Updated: June 5, 2016 at 9:40 p.m.
As you begin your college career on the most politically active campus in the country, you may realize that people here like to disagree and debate. The Hatchet’s editorial board is no different.
You’ll hear from the editorial board at The Hatchet weekly when we publish our paper. We, just like other students, debate the many issues we face on campus. We disagree with some University policies, decisions that student organizations make and what happens at our peer institutions.
The members of this board disagree with one another, too. But each week, the six of us try to come to a consensus on the topics we debate.
The goal of our staff editorials is to call students’ attention to issues that will have an impact on their experiences at GW. We believe it’s important to be active participants in our educations and our community. The editorial board’s opinion isn’t the final say on these topics, but we hope that readers can consider our point of view.
The editorial board consists of editors from different sections at The Hatchet, including opinions editor Melissa Holzberg, contributing opinions editor Irene Ly, managing director Eva Palmer, culture editor Grace Gannon, homepage editor Tyler Loveless and contributing sports editor Matt Cullen. Our editor in chief, Ellie Smith, sits in on our meetings to guide conversations and provide context but does not opine on the topic.
You’ll notice none of these editors cover news: Our newsroom and editorial board operate completely separately. If making our meetings and contributors separate wasn’t enough, the opinions team operates on a completely different floor of our townhouse on F Street.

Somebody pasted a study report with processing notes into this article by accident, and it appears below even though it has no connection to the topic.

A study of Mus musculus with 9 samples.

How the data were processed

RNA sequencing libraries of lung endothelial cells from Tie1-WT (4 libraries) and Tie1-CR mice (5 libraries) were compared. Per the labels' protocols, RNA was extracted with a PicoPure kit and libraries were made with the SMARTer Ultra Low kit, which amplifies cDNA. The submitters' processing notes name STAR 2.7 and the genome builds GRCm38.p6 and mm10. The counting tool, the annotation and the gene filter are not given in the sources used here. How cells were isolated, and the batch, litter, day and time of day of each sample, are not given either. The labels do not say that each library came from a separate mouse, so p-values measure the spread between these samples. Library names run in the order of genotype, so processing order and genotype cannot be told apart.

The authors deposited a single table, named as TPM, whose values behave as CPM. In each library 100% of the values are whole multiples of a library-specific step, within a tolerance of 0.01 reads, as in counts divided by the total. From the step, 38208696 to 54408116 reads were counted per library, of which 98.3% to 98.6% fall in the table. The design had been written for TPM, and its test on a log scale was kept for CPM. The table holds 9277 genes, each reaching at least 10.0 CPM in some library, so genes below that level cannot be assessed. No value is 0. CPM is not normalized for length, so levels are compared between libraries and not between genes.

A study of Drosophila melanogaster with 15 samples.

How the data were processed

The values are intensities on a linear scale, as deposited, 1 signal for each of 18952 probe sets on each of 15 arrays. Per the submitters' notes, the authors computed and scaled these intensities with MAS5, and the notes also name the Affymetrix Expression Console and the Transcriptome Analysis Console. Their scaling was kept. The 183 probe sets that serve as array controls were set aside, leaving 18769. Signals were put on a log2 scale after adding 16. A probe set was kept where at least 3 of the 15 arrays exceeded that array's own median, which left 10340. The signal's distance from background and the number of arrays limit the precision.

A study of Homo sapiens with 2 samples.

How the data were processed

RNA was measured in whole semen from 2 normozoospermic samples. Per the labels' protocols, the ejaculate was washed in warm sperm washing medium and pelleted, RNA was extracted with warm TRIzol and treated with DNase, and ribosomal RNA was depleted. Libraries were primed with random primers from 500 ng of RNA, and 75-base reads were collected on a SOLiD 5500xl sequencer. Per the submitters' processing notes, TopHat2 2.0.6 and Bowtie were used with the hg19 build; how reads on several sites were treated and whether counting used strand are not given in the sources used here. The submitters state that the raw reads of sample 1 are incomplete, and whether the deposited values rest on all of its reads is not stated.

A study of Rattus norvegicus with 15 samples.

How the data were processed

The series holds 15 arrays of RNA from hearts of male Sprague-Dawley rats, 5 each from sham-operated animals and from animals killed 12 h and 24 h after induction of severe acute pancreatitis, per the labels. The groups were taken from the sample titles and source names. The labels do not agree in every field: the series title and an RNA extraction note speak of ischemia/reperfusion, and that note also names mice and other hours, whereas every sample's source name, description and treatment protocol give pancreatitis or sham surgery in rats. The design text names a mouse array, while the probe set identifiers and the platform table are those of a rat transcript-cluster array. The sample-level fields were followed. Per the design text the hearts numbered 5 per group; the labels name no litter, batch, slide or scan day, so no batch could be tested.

We do our best to represent both The Hatchet and the University. We come from different parts of the country, represent different nationalities and share different life experiences, allowing us to all bring our own unique perspectives to discussions.
Every week, our editorial board gets together to discuss an issue on campus that students are buzzing about or to drive campus conversations toward noteworthy issues that some students may not yet be aware of.
Sometimes our editorials call on University officials to make a sweeping changes – like when we implored administrators to rescind Bill Cosby’s honorary degree. Sometimes we notice things happening at other universities and discuss how they could happen at GW, like when we considered how other schools host new student orientation.
Like any other group of friends or colleagues, we often do not agree with one another. Before every meeting, each member researches the topic, talks to experts and thinks about his or her experiences, so we approach the conversation from different perspectives. But we still try to seek a consensus, which becomes The Hatchet’s official opinion.
We want to encourage conversations with those who disagree with us, and we try to do that by scrutinizing topics that students should feel open to discussing with one another. Our hope is to provoke conversation, not end it. We are not here to claim our view is the only one or the right one. Rather, we want to share our opinion and start constructive dialogue on campus.
While our editorial board aims to come to a consensus each week, other students on campus do not always agree with us. Disagreeing with our editorial board is helpful. We encourage students who disagree with our editorials to write to us and have their own views published. The opinions section offers the chance for students, faculty, employees and unaffiliated readers to submit op-eds and letters to the editor that we will consider publishing online. We want to hear your opinion and understand the parts of issues that we may not understand ourselves.
We are excited to see what you’ll do here over the next four years, Class of 2020, and we’re ready for you to be part of our campus conversations.
The editorial board is composed of Hatchet staff members and operates separately from the newsroom. This week’s piece was written by opinions editor Melissa Holzberg and contributing opinions editor Irene Ly, based on discussions with managing director Eva Palmer, culture editor Grace Gannon, homepage editor Tyler Loveless and contributing sports editor Matt Cullen.